Creative-types (writers, artists) live for Armageddon; bunch of Galactuses (Galacti?) with fancy pens, tables that cant and paper. What really gets these ‘Gods of Oblivion’ off happens only after all ‘the poundin’, the hollerin’ and the screamin’ ends — once it’s O.K. to prefix said apocalypse, disaster or crash with the word ‘post-,’ the hyphen helps accent the whole bloody business.

I’m not an end-of-days-kind-of-guy. If (or when) the living dead do run amuck and the market for recycled urine begins to rise and day-to-day living requires a lot more camping, I’m going to be pissed and not much of a happy camper either. I seem to be the 1%, however, when it comes to these post-‘what-have-you’ type tales because if there is one thing that there is no shortage of in our (as yet) zombie-free world it’s post-apocalyptic fiction.

Other than survivalists with a hard-on for the second amendment, sickos on the make for oceanfront property and outdoor enthusiasts who love to dress in layers, the appeal of post-apocalyptic fiction is hope. In a post-crash world, the grass is always greener on the other side because it has to be, the genre demands it. Here’s the other thing about ‘post-disaster’ fiction, it’s always a comment on today’s ills tomorrow; Thunderdome is inevitable, I get it.

In Channel Zero and DMZ, Brian Wood was in full-on ‘eater of worlds’ mode as he reshaped — politically, socially and otherwise — a city and a country, respectively. The Massive sees Wood turn his sites on the Earth. I love Local and I was already hooked on Wood’s Conan the Barbarian so when The Massive came out in June, it was the next logical step. The first issue — the first three-issue arc, really — underwhelmed me. Due to my post-apocalyptic predisposition, I had one foot out the door and the other on a slick of dead fish and I was ready to jump ship, but I was willing to give The Massive one more chance.

The Massive #4 is one of the best single issues I’ve read all year. Sometimes it pays to ride out the storm.


The Kapital provides Wood with a setting that’s part Pequod part Millennium Falcon or part USS Enterprise depending on which way you swing. There are crewmembers aplenty to identify with and a few redshirts should Wood give one of them permission to die. The Kapital’s tillerman is Callum ‘Cal’ Israel, an ex-paramilitary of a Blackwater security type firm turned ardent conservationist. Behind his aviator shades, Cal looks (and acts) like Scott Summers except with a beard, mustache and rakish blond hair. Like Cyclops, Israel is a leader, plain and simple. Mag, an ex-Tamil Tiger, is the doer of the group, the ‘fist’ should Israel require such a service. Mary is the ‘Holy Ghost’ in this tree-hugger trinity; her birthdate is as an unknown as she is, a mystery in corn rows. She is the soul of the group. Apart or together, these three characters are resourceful in a resource-less world.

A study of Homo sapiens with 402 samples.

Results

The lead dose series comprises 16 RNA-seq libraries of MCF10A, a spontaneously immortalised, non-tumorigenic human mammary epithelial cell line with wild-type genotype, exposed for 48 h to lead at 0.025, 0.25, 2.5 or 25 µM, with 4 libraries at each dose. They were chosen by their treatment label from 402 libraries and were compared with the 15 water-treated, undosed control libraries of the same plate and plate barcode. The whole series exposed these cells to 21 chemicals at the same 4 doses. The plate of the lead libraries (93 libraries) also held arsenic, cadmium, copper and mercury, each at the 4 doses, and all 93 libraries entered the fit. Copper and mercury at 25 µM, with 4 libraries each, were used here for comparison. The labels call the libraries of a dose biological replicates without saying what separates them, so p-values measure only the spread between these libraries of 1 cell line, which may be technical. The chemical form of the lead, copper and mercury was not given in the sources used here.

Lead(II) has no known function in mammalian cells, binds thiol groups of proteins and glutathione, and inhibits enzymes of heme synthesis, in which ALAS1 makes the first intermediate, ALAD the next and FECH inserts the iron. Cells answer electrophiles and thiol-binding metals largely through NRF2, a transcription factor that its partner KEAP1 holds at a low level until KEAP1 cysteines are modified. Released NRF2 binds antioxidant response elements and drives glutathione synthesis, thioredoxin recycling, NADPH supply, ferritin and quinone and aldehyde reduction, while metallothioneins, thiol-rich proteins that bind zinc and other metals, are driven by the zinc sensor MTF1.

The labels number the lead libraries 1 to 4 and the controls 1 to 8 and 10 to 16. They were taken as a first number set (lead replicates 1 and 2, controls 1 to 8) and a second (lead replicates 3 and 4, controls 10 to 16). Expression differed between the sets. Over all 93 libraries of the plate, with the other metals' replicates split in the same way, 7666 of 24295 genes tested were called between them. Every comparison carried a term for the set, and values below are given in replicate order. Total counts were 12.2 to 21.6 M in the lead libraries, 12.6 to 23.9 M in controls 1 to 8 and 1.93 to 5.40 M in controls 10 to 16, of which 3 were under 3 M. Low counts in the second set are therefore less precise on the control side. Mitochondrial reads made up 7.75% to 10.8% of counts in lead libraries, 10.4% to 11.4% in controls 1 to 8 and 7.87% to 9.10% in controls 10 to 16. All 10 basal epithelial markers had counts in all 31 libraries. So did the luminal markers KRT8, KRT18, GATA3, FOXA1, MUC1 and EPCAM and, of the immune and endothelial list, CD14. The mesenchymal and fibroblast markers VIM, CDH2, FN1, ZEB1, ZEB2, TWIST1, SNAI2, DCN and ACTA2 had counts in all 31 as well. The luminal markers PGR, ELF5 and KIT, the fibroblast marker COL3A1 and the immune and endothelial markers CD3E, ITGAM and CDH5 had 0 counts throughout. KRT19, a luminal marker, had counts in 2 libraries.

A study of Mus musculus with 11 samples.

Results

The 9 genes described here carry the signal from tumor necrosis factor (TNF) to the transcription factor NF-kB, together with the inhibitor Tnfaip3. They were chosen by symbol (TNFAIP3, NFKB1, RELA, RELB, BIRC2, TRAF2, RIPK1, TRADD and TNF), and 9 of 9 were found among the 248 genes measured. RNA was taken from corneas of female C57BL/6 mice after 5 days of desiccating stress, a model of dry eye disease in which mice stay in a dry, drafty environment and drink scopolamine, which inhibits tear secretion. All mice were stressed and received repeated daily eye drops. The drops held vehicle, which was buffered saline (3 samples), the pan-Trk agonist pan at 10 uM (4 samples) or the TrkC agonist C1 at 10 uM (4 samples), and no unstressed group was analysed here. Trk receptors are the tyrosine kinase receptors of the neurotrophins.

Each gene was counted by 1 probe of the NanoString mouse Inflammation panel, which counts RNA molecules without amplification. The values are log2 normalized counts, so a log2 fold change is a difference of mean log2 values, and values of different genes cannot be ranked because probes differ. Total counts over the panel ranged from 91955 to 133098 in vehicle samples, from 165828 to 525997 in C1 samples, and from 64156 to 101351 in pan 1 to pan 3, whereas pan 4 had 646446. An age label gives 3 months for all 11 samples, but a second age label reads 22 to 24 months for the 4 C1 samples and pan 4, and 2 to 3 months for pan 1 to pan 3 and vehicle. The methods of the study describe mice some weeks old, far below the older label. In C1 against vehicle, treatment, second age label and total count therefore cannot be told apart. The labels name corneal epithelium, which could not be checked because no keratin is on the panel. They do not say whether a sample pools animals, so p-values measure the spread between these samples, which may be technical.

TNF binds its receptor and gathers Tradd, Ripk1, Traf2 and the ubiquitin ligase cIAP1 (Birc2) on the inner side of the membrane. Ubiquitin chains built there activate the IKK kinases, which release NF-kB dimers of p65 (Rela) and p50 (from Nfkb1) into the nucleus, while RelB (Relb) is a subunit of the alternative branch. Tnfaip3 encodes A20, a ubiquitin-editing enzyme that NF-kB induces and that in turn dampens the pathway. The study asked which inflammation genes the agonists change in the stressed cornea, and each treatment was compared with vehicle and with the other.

When Brown took over for Donaldson on issue #4 (Stewart, the series ‘artistic’ North Star remains) everything changed for me and, I would argue, for Wood as well. In the first panel on the first page of The Massive #4 the prow of the Kapital looks different, there’s a slight (near impressionistic) curve. Brown replaces Donaldson’s straight-line precision with immediacy, a lived-in quality, sketchier, but in no way does the art look unfinished as the term is sometimes used to imply. Brown’s figures appear more alive and less like they were drawn to suit a technical manual.


Wood exchanges the disaster updates in issues #1 through #3 for a flashback about Cal’s pre-crash life in issue #4. This technique gives Cal more personality and makes him look less like an automaton moving across a post-FUBAR-like landscape. This stylistic switch-up in both the art and Wood’s approach to the narrative gives issue #4 a newness that’s often exclusive to a first issue or an in continuity reboot.


The Massive #4 and #5 play out as a character studies about what it means to ‘commit to a cause.’ The action sequences set up the quieter moments that speak the loudest when it comes to a character’s motivation and personal history. I didn’t find Brown’s scruffy pencils to have the same effect on Mary and Ryan (the female protagonists in issue #5) that served Cal so well in issue #4, but that’s a quibble. A life is saved (twice) in issue #5 and the intimacy that that act requires assures that the physicality and nearness that Brown established in the previous issue wasn’t a fluke.

There are not enough action/adventure movies or TV shows about environmentalists without the word ‘wars‘ in the title or that star Steven Segal. The Massive is one of those ‘only in a comic book’ kind of comic books that requires a big canvas with a lot of individual moving parts. The post-apocalyptic setting gives Wood the opportunity to muck across a damned planet like he’s playing a game of Risk with a cache of characters that are damaged and a lack purpose, but not commitment. Wood and his crew are still finding their bearings and mapping their course as this series sails on. They too are committed. Brown is on for (at least) issues #6 and #7. Should he disembark and if Donaldson or another artist steps on board I will greet him or her with a hearty ahoy. This series is too good, too interesting to let sail off into obscurity and cancellation. Like Mary, Cal and Mag I’m committed. As Captain Willard says on his way upriver in Apocalypse Now: ”Never get out of the boat. Absolutely goddamn right. Unless you were goin all the way.

Keith Silva works in television, it’s a small space, but, hey, it’s show business! The rest of his time he writes for Comics Bulletin and his blog, Interested in Sophisticated Fun?. Follow him @keithpmsilva on the Twitter box.